Helium scripts are written in C#. If you are familiar with C# and the .NET Framework you will notice that you have access to most features and APIs that are available in a regular console application.


A script contains at least two files, one file with metadata that's used to describe the script, the entry point of the script and additional files that are included with the script.

The file should be in JSON format and named <scriptfile>.json.


The contents of the JSON file looks like this:

   

{
  "ScriptName": "The visual name, shown in menues",
  "Description": "The full description of the script, shown in the Run script dialog when the script is selected.",
  "EntryPoint": "firstscriptfiletoexecute.cs",
  "AdditionalFiles": null,
  "Author": "The name of the person which created the script",
  "Scope": "A text describing which input the script expects, e.g. selected tracks, all artists etc."
}

  The two first fields are self explanatory, the field EntryPoint should point to the file containing the definition below.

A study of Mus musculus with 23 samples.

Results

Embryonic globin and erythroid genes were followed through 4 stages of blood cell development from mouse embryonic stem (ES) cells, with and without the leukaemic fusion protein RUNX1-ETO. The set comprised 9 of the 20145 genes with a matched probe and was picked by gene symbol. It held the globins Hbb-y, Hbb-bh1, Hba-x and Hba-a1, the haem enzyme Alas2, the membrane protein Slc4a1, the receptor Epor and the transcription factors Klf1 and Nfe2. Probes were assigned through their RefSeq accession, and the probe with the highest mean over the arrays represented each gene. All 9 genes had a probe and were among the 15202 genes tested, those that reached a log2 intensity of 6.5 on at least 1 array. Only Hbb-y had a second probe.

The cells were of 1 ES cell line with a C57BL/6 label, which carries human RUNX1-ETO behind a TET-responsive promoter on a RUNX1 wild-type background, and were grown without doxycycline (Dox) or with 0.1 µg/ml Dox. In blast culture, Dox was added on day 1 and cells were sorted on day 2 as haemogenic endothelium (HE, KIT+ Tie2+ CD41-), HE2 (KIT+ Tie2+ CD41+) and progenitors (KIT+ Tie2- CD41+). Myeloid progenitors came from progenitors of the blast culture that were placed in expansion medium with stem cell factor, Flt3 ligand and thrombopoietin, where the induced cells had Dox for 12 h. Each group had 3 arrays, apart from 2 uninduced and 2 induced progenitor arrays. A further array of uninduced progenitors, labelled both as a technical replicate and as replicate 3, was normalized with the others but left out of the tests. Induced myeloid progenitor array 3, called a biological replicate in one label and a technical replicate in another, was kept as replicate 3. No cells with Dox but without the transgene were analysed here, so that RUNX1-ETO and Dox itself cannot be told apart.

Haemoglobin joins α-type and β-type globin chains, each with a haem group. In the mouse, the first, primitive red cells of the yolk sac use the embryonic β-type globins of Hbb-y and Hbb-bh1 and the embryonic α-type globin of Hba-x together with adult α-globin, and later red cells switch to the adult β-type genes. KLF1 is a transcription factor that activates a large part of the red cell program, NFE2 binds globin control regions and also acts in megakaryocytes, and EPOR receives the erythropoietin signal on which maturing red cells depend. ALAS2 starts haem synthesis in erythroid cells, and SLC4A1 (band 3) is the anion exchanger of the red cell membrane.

AdditionalFiles describes additional files (separate classes etc.) which the script depends on.

 


Here is a basic template for how an empty script should look like:

    

using NeonScripting;

namespace Neon
{
	public class Script
	{
		public bool Run(INeonScriptHost host)
		{
			// insert your own script code here

			return true;
		}
	}
}

The using NeonScripting directive is needed for accessing all Helium specific features in your script.

The namespace, class and Run methods are all part of the basic template and will need to be there in order to make the script execute.

The INeonScriptHost interface is where the interaction between Neon and your script will happen.


Getting started

A good way to get started with scripting is to check the contents of the scripts shipped with Helium.

These scripts uses the most available tasks and gives a good picture of how to use the functions in an easy way.